This route heads for the rugged hills forming one side of the great Aberglaslyn gorge, which has graced many a postcard and book jacket. At the back of the car park you pass under a railway bridge that belonged to the Welsh Highland Railway, and pass the site of an old crushing plant. Here, copper ore from the mountain would have been prepared for shipment, using the railway.
Beyond the plant, the path follows a stream and climbs steadily through the lonely Cwm Bychan. Here, beneath craggy mountains patched with heather and bracken, you come across a line of rusting gantries. They’re part of an old aerial ropeway, built to carry ore down to the crushing mill. Mining had taken place hereabouts since Roman times, but after World War I the extraction became uneconomical, and in 1922 the mines closed.
Continuing to the col above, the route comes to a huge area of mining spoil and a meeting of routes. Ours turns south, and soon we’re following a rocky path zigzagging down to a grassy basin below, before continuing along a craggy ridge. Here the ground drops away steeply into the valley of the Afon Glaslyn. If it’s early summer the scene will be emblazoned by the vivid pink blooms of rhododendrons, which cover the hillside. Hundreds of feet below lie the rooftops of Beddgelert, and what lies in between is a glorious little path twisting through those rhododendrons and the rocks into the village. If you get that feeling of déjà vu, the hillsides around here were used for the setting of the Chinese village in the film, The Inn of the Sixth Happiness (1958), starring Ingrid Bergman.
Beddgelert itself is a pretty village with a fine two-arched bridge spanning the Glaslyn and a handful of busy craft shops and cafes, which throng with visitors in the summer. Around here they’re all too fond of telling you the story of Prince Llewelyn’s brave dog, Gelert, and pointing to the grave which gave the village its name. Don’t be misled; a past landlord of the Royal Goat devised the plausible story to boost his trade.
The way back to Aberglaslyn used to be via the old Welsh Highland Railway trackbed, but since this has been reopened the only route is now a rough track by the raging river. The hard bit with handholds comes early on. If you can manage that, you can enjoy the walk through the gorge and through the attractive woodland that shades its banks. If you want to see that postcard view though, you’ll have to make a short detour to the roadside at Pont Aberglaslyn. It’s stunning.
The path starts to the left of the toilet block and goes under the railway bridge, before climbing through Cwm Bychan. After a steady climb the path reaches the iron pylons of the aerial cableway.
Beyond the pylons, keep straight on, ignoring paths forking left. A grassy corridor leads to a col and a stile in a fence. Bear left beyond the stile and head for a three-way footpath signpost by the rocks of Grib Ddu.
Follow the path on the left signed ‘To Beddgelert and Sygun’ and go over a ladder stile. Turn left immediately, then follow the path round a rocky knoll and slant down the hillside to a green bowl. Bear right onto a level green path to a cairn and turn left, over a rocky rise, to a larger cairn at Bwlch-y-Sygyn.
The path now heads southwest along the mountain’s northwestern ridge, overlooking Beddgelert. Ignore any lesser paths along the way.
Midway along the ridge, a large cairn overlooks the turn-off right for Beddgelert. The clear, stony path weaves through rhododendron and rock, goes through a kissing gate in a wall halfway down, then descends further to the edge of Beddgelert, where a little lane between cottages leads to the Afon Glaslyn.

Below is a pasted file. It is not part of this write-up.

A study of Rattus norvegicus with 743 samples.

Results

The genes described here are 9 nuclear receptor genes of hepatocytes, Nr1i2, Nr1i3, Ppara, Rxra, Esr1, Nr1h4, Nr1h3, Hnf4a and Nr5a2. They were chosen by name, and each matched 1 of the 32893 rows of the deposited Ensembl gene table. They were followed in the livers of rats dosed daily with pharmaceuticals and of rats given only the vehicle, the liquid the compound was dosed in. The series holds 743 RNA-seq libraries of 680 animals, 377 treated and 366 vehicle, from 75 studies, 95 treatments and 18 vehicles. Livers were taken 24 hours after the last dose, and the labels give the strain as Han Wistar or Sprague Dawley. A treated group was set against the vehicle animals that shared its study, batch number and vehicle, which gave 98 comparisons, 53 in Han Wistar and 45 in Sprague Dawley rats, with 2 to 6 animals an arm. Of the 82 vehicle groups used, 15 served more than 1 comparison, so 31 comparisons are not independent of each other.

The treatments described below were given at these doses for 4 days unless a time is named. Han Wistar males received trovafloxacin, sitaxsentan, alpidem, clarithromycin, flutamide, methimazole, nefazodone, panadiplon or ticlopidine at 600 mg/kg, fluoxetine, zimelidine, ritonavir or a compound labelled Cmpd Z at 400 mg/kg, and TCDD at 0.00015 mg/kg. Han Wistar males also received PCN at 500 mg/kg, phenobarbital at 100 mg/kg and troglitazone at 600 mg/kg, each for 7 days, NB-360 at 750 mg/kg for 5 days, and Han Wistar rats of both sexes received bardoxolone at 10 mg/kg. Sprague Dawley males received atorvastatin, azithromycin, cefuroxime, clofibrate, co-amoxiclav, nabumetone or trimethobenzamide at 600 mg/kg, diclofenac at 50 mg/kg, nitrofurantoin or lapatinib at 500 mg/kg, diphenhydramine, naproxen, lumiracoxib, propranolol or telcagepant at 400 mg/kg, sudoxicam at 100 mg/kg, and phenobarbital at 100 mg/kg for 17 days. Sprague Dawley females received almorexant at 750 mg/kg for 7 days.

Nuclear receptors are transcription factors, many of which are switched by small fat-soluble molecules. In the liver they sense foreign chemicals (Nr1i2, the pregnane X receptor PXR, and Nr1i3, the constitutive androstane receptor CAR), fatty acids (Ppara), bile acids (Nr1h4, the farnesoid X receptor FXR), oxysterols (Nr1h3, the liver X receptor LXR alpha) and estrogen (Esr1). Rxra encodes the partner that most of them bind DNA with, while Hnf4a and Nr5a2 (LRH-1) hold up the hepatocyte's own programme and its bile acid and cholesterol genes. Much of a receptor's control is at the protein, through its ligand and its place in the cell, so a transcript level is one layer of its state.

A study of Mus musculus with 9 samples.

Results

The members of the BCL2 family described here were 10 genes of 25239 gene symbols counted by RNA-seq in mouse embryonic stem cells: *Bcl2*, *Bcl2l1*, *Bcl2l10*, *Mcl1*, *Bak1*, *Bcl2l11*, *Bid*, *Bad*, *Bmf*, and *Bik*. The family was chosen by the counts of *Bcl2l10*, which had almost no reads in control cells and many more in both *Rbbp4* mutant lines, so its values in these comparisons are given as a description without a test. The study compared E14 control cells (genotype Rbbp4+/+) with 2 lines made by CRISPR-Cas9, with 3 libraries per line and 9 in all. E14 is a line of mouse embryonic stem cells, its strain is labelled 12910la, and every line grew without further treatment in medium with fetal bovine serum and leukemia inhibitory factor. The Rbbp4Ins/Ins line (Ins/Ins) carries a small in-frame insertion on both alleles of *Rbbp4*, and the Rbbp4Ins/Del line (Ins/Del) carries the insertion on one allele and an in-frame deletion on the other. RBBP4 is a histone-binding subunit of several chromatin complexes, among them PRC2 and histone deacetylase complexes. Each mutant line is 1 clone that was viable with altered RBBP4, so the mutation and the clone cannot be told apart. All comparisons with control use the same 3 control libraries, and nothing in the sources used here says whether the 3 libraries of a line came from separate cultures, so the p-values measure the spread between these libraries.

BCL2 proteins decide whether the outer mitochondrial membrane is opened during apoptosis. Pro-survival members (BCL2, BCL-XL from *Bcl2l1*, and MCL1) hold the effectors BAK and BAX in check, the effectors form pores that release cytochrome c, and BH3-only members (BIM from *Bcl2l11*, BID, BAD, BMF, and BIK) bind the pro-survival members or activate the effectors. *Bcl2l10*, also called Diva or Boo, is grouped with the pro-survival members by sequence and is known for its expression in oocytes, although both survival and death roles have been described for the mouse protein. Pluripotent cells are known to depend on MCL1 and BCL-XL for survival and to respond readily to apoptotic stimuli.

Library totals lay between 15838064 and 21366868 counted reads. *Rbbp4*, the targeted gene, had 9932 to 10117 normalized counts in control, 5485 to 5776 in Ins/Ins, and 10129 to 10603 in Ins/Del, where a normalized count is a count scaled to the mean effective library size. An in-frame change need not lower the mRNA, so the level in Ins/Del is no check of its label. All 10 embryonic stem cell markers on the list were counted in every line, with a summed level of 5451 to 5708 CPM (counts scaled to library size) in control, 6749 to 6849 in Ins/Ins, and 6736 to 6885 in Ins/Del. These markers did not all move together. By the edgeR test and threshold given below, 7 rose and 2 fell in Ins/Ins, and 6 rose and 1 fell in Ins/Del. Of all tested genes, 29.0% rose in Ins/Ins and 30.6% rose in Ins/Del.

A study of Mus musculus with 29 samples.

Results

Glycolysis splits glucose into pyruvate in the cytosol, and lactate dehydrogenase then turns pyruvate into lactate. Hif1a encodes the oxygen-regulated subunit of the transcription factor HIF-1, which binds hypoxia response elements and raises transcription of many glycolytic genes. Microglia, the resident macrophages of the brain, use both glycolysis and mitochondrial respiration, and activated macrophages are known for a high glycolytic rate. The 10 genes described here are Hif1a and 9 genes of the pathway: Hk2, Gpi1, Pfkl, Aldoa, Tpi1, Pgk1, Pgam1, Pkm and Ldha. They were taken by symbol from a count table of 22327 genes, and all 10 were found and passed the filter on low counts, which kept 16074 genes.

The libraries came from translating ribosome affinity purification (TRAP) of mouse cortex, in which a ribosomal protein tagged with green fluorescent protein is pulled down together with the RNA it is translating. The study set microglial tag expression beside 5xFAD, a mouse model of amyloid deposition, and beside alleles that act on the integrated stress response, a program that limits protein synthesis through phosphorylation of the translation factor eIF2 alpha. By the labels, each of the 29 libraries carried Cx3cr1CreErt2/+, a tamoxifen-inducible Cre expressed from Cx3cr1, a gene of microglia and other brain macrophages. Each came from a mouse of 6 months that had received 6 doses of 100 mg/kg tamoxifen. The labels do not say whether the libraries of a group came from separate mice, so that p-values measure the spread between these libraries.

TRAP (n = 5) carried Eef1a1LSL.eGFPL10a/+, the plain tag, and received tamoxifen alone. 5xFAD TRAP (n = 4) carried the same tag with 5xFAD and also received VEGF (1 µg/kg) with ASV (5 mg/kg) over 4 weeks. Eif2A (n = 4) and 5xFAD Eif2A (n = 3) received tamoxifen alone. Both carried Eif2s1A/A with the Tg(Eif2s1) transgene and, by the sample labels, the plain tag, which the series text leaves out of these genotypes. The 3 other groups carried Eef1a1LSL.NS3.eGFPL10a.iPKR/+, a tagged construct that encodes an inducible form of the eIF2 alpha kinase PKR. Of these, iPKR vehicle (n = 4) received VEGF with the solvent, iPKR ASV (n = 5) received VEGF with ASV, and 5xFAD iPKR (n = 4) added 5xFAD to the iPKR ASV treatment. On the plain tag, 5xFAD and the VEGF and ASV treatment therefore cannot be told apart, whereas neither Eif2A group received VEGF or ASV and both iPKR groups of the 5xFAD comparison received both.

Turn left to follow the river for a short way. Don’t cross the footbridge over the river but turn left to follow the Glaslyn’s east bank. Cross the restored railway line and then continue between it and the river.
Below the first tunnel, the path is pushed right to the water’s edge. Handholds screwed into the rocks assist passage on a difficult but short section. The path continues through riverside woodland and over boulders until it comes to Pont Aberglaslyn, the main road bridge.
Here, turn left up some steps and follow a dirt path through the woods. Just before the railway, at a path junction, turn right and down to the car park.
Well-maintained paths and tracks (see note below), several stiles
Rocky hills and river gorge
Dogs should be on a lead at all times
OS Explorer OL17 Snowdon / Yr Wyddfa
National Trust pay car park, Aberglaslyn
At car park and in Church Street, Beddgelert
Short section of riverside path in Aberglaslyn gorge is difficult and requires use of handholds
Walking in safety
Read our tips to look after yourself and the environment when following this walk.
Also in the area
About the area
The county of Gwynedd is home to most of the Snowdonia National Park – including the wettest spot in Britain, an arête running up to Snowdon’s summit that receives an average annual rainfall of 4,473mm. With its mighty peaks, rivers and strong Welsh heritage (it has the highest proportion of Welsh-speakers in all of Wales), it’s always been an extremely popular place to visit and live. The busiest part is around Snowdon; around 750,000 people climb, walk or ride the train to the summit each year.
Also in Gwynedd is the Llyn Peninsula, a remote part of Wales sticking 30 miles out into the Irish Sea. At the base of the peninsula is Porthmadog, a small town linked to Snowdonia by two steam railways – the Welsh Highland Railway and the Ffestiniog Railway. Other popular places are Criccieth, with a castle on its headland overlooking the beach, Pwllheli, and Abersoch and the St Tudwal Islands. Elsewhere, the peninsula is all about wildlife, tranquillity, and ancient sacred sites. Tre’r Ceiri hill fort is an Iron Age settlement set beside the coastal mountain of Yr Eifl, while Bardsey Island, at the tip of the peninsula, was the site of a fifth-century Celtic monastery.